Monday, October 29, 2007

The insecure S60 firmware updater

It's nice to see that someone with an interest in practical security issues is doing stuff with Symbian platform security. Nokia's firmware update program for S60 handsets lets you install modified ROM images on (at least) some handsets. It seems the weakest link in this security system is very, very weak. Of course, hacking doesn't get really interesting until you can hack other people's devices, but there's a quite obvious attack vector here: what if you could get users to download your modified ROM images, instead of Nokia's? I'm no security expert, but thinking about this gives me a few ideas, that I might try out. I think Nokia should be happy that their devices aren't as popular with hackers as eg. the iPhone.

Saturday, October 20, 2007

Insanely huge

Being from Sweden, I found the fact that a British smartphone site uses the Swedish tabloid Aftonbladet's site as a test site because it's "insanely huge", quite comical. Sure. Too bad the contents of the paper are even worse than their web design.

Tuesday, October 16, 2007

UIQ + Motorola

So Motorola bought 50% of UIQ from Sony Ericsson. I guess all we can say for certain is that Motorola is showing its dedication to the platform.

And of course, some people start speculating about a possible move of UIQ from Symbian to some other OS (like Linux). It's interesting how these speculations keep popping up again and again, even though the whole thing wouldn't just be (almost) impossible, but also completely pointless. You couldn't port UIQ or S60 to run on another OS, because Symbian is quite different from all other systems, and the UIQ and S60 code is filled with excentric Symbian idioms. Sure, you could spend a few years reimplementing the Symbian API:s on top of some other system, but the most important reason for moving away from Symbian would be to get rid of those API:s. The main problem with using Symbian isn't licensing fees, but that developing for it is such a nightmare.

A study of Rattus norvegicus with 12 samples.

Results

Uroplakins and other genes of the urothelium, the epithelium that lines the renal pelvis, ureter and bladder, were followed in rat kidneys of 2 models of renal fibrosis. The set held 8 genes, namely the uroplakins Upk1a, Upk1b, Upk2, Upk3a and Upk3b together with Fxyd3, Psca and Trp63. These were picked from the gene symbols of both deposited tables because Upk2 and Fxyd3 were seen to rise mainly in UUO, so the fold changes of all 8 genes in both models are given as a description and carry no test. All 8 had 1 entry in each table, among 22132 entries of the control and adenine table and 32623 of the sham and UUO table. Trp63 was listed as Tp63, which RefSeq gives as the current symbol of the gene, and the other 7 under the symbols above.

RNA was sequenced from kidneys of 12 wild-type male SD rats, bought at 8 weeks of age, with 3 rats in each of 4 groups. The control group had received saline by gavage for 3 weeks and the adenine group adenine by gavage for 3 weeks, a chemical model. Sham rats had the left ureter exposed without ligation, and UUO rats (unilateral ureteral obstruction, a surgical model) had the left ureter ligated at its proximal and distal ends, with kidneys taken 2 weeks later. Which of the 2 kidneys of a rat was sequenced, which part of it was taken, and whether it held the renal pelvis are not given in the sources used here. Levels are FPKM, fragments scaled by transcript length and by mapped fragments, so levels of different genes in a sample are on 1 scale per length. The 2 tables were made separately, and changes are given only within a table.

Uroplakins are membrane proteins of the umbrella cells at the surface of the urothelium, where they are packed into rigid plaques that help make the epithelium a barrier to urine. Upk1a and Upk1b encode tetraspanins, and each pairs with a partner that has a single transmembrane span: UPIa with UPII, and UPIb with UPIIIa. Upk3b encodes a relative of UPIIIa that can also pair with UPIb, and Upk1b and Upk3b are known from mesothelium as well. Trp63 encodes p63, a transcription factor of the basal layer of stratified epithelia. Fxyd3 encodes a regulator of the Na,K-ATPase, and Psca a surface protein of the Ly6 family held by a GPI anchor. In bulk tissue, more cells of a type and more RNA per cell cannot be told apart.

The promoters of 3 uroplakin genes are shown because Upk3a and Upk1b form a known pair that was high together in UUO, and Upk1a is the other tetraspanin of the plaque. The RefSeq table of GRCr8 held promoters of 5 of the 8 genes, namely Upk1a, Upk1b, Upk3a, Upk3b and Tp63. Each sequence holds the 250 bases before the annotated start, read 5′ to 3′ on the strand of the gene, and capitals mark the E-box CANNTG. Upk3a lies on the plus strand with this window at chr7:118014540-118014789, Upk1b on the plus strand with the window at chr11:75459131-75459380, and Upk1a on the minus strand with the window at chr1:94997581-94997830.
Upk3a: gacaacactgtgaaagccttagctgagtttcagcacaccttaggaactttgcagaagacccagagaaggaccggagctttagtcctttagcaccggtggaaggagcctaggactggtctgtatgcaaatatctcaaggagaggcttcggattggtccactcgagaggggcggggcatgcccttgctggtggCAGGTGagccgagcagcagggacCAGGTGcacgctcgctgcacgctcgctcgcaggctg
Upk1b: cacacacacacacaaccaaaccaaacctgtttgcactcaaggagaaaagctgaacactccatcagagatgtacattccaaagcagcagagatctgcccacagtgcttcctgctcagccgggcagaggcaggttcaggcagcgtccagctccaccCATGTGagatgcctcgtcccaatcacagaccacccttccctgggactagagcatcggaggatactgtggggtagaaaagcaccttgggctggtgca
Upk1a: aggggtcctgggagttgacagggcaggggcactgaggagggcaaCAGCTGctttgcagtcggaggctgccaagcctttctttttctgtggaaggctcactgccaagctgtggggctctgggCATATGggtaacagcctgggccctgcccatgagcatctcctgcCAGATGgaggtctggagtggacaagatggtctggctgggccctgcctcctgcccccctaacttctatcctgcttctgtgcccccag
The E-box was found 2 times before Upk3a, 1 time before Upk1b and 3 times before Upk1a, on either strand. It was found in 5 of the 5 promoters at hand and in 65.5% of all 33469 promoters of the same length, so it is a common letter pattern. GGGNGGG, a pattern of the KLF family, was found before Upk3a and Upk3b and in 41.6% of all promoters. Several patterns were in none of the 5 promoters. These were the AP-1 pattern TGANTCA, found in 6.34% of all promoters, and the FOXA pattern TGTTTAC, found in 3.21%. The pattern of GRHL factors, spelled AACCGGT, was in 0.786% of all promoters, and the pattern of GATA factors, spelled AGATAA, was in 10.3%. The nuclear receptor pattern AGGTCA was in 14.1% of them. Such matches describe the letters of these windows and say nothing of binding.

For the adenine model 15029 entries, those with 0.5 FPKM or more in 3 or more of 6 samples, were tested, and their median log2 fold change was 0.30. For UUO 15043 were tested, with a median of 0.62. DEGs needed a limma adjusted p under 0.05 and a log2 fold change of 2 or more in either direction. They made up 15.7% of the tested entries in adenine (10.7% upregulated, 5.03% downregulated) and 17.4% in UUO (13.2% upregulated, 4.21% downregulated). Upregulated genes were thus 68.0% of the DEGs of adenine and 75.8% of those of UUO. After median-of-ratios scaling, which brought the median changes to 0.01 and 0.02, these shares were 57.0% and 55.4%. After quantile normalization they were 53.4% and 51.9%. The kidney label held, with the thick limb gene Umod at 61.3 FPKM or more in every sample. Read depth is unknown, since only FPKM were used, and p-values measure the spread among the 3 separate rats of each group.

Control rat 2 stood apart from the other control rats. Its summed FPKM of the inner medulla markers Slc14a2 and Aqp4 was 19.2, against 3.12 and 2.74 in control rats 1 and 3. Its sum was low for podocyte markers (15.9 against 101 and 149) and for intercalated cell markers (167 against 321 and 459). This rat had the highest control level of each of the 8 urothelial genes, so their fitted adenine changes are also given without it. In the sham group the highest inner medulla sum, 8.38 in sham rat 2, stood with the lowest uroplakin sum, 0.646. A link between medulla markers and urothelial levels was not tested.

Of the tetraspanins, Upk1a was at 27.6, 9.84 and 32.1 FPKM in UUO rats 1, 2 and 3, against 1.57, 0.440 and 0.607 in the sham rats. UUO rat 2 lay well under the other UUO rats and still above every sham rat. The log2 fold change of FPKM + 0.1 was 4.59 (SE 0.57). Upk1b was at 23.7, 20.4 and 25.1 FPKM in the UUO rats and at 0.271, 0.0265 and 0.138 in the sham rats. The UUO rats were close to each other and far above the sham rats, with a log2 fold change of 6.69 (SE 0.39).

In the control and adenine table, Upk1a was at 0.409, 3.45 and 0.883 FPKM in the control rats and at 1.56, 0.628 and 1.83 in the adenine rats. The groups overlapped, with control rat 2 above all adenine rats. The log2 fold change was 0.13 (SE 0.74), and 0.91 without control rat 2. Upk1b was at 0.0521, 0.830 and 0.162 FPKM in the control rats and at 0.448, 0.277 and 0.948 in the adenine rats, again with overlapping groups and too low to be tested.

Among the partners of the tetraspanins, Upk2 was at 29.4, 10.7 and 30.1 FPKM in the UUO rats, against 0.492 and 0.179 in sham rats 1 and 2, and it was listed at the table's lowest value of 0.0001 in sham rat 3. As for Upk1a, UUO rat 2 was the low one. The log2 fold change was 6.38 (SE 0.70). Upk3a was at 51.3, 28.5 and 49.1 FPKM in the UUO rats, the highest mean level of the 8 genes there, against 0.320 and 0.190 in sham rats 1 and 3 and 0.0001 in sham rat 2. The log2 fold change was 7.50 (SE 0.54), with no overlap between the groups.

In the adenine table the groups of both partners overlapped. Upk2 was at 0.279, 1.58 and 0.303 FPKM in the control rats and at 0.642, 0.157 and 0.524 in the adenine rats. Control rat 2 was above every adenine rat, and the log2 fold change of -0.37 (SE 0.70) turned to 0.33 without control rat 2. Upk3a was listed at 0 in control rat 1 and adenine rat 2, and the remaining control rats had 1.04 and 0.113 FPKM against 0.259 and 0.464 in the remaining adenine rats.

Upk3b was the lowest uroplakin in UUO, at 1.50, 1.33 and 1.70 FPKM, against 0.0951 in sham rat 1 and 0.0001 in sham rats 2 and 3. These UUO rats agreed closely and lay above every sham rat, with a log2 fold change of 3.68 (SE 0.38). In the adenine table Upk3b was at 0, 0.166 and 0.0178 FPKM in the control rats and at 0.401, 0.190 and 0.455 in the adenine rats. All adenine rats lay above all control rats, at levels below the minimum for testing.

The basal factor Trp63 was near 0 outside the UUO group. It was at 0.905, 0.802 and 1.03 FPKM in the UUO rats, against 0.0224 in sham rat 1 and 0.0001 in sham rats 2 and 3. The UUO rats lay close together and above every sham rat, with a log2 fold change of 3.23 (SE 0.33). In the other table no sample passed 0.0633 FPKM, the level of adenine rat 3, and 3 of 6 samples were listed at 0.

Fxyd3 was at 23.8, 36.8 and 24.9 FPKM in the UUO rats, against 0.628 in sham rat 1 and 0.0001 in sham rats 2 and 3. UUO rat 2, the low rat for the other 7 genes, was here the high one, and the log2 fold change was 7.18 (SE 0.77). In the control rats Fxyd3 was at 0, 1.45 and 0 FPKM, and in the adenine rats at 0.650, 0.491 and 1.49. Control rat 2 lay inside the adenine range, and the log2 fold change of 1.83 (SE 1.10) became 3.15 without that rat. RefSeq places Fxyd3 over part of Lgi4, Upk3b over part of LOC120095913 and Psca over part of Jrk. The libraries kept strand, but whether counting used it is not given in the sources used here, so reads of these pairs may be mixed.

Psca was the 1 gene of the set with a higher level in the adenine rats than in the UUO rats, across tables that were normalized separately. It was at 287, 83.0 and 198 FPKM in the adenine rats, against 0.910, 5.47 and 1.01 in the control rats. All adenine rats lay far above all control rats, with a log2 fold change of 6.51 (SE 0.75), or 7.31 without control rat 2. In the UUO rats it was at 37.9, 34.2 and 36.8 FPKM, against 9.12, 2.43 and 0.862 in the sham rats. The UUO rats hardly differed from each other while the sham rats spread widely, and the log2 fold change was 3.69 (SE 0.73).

Friday, October 5, 2007

Operators and applications

"Operators tend to have a very specific vision of the image they want to project through the third-party applications they sell, if they choose to sell applications at all. Most operators are still in a content 'stone age', offering mostly ring tones and games." (Here's a link to the interesting article.)

Yes, well, I think part of the problem is that it's a much more complex situation with applications than with games or ringtones. Games and ringtones are obvious customization items: we all have different tastes, so we want different ringtones. It's not a deficiency in the device that it's lacking the perfect ringtone for me, or a game to keep me occupied while I'm on the bus. Applications, however, is a different story. If you have to buy Handy Weather for your phone, the lack of a built-in weather app is quite obvious. It's even more obvious if the application you want to sell is a better replacement for an embedded app. Why wasn't the better app already installed when I bought my phone? Right, because the operator is only there to make money. It's all about appearance.

On a more technical level, applications feel more scary. A ringtone doesn't have any functionality, it's just a sound file. A game just draws stuff to the screen. At least that's what you'd believe if you're not an engineer. An application extends and alters the phone's behaviour. Who knows what it might do? Who knows how the users might react to these changes?

And then there's the infrastructure. That an application is Symbian Signed and can be installed without warnings on a phone doesn't mean that it's actually been tested on it. It's been tested on a compatible phone, but how compatible is compatible? How much testing does our operator have to do to feel confident enough about an app to start pushing it to their users?